Preparing students for a high-tech future

Chuck Jennes

Since 2018, NextLab.Tech has been offering advanced educational experiences to students in its home country, Romania. NextLab offers an easy-to-use, expandable library of STEM-related projects and lessons that integrate knowledge bases, learning paths, flows and open educational resources.

All lessons and projects integrate with affordable education devices, such as open-source programmable boards and accessories, connected to a virtual learning assistant that is based on machine-learning technologies. Using this software and hardware, NextLab is helping students prepare for the job market of the future.

With recent support from private companies and the Romanian government, NextLab has shown substantial growth. The company has now set its sights on expanding to other markets, including the United States. USGBC recently spoke with the company’s co-founder, Razvan Bologa. In addition to managing NextLab, Bologa is a professor in the Department of Informatics and Economic Cybernetics at the Bucharest University of Economic Studies.

Where did the idea for NextLab originate?

It started with several people who wanted to "put a chip into the hands of every Romanian child." They were looking for a solution to distribute programmable microchips and microcontrollers on a large scale to support education for the jobs of the future. And that’s how we started this company.

What is the company’s “unique proposition”?

We have an adaptive learning platform that empowers teachers, who are not necessarily familiar with advanced technologies, to deliver advanced lessons. In other words, you can be a low-tech teacher and still deliver a good lesson in advanced technology.

The curriculum is part of what we offer. However, we also have knowledge bases that are accessible to children. Whenever a child asks a question, a NextLab expert answers it. If a question is being asked for the first time (and therefore isn't already in our knowledge base), the answer will be stored so that other children who have the same question can find the answer.

The knowledge base uses advanced machine-learning algorithms and artificial intelligence to retrieve questions, answers and other information. So, basically, the children are not aware of the technology that’s at play. Teachers and students just communicate in their natural way, and the machine will find the appropriate answer. There is also a text-to-speech component that enables the machine to answer verbally in the student’s language.

How is the curriculum organized?

The curriculum is for one school year. There are four stages:

  1. Building a simple line follower robot. This stage engages the students and builds their confidence, which makes the technology more attractive to them.
  2. Building a more advanced robot; for example, one that can find its way through a labyrinth.
  3. Teaching children to create small hydroponic systems that are easy to monitor.
  4. The students work in teams to create a master project. That’s usually a microgarden. At this point, they are more fluent in the technology and have considerable confidence in their abilities. The final project culminates in a green exposition, where finished projects can be put on display in the school, at an event or even at a sponsor’s place of business.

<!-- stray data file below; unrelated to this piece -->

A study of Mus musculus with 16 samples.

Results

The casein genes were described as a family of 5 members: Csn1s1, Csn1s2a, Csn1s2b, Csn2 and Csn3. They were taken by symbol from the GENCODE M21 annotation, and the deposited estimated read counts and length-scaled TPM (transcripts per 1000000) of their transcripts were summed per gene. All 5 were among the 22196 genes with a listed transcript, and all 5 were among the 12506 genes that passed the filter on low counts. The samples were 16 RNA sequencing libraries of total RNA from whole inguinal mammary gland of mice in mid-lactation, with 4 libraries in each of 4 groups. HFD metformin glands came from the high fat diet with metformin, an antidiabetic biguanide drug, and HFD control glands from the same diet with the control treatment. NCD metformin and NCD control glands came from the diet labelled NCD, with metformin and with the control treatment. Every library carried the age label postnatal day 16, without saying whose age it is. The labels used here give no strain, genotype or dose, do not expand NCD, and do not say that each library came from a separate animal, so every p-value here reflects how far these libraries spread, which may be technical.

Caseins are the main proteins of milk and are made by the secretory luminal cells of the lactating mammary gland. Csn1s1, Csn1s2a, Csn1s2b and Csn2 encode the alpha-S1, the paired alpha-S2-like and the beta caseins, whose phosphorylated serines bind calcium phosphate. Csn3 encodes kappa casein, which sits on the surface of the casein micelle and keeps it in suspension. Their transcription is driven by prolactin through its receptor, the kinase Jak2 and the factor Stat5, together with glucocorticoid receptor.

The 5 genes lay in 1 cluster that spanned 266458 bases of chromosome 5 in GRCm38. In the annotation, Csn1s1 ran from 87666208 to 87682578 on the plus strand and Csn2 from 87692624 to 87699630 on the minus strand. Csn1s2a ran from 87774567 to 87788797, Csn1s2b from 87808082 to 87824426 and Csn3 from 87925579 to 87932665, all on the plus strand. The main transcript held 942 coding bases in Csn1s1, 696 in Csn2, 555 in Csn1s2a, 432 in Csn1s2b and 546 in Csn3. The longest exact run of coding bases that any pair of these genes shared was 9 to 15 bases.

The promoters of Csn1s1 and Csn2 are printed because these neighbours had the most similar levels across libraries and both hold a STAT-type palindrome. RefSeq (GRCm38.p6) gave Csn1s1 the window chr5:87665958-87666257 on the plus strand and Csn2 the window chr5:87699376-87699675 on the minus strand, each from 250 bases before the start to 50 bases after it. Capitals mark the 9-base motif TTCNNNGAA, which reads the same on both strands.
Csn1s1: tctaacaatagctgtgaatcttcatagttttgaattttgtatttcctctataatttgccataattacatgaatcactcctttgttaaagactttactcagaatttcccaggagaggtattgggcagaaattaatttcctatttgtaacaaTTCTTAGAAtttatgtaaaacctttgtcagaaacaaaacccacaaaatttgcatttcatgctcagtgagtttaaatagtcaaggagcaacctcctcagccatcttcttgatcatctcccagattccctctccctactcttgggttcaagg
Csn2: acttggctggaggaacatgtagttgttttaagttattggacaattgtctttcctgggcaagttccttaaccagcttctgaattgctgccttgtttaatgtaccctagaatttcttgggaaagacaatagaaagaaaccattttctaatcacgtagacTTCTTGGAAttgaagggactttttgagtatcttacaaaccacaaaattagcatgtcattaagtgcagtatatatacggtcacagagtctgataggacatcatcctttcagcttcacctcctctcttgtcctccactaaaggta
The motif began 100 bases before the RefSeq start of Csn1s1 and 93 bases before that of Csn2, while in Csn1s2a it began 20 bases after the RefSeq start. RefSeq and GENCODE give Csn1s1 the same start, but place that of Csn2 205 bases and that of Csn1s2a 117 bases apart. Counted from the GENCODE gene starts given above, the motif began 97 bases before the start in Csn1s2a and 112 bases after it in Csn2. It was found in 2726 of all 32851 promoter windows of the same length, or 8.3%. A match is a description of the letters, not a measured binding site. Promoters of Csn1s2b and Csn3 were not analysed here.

We have 1,700 teachers and about 60,000 students. We have a project that, by the end of 2023, will bring the number of schools to 5,400 and will engage approximately 800,000 students.

What’s behind that growth?

Relevance. Initially, we discussed the idea with several companies that expressed an interest in preparing students for jobs of the future. We received commitments from the Romanian Commercial Bank, Groupe Renault and GlobalWorth (Eastern Europe’s largest office developer). They liked that we were able to offer a structured education program that would prepare young people to work with modern technology, so they agreed to participate with some anticipation of what could be. It’s worked far beyond everyone’s expectations.

In fact, after seeing the results, the Romanian government asked us to put this program into all schools. That was a tremendous boost, and it created a platform that allows us to now speak with other governments about replicating the same kinds of projects. That’s how we were able to grow. It was not simply about our technology and curriculum; we were also offering this important academic solution at the right moment.

What kind of feedback are you getting from students?

They are surprised that they can complete such sophisticated projects. We have children, especially from disadvantaged communities, who did not initially believe they would be able to build a working robot—and, most important, they are surprised that they have access to a very advanced knowledge bases. Thus, there is little difference between a child who is in a remote rural area and a child coming from a wealthy city, because they share the same knowledge base, the same content.

Moving forward, what is your vision for the company?

We are actively engaged with other countries in Eastern Europe and the Middle East, and we are exploring opportunities in the United States, specifically involving disadvantaged or underserved communities—places where they have a shortage of teachers who can offer such technologies and training. We will propose mostly green education projects in those areas.

How do you see USGBC contributing to that vision?

We were impressed by USGBC’s focus on education and on raising awareness of the benefits of green buildings. That’s why we wanted to be part of USGBC. And I think there is an important synergy that we can cultivate together. It’s something we would like very much to explore.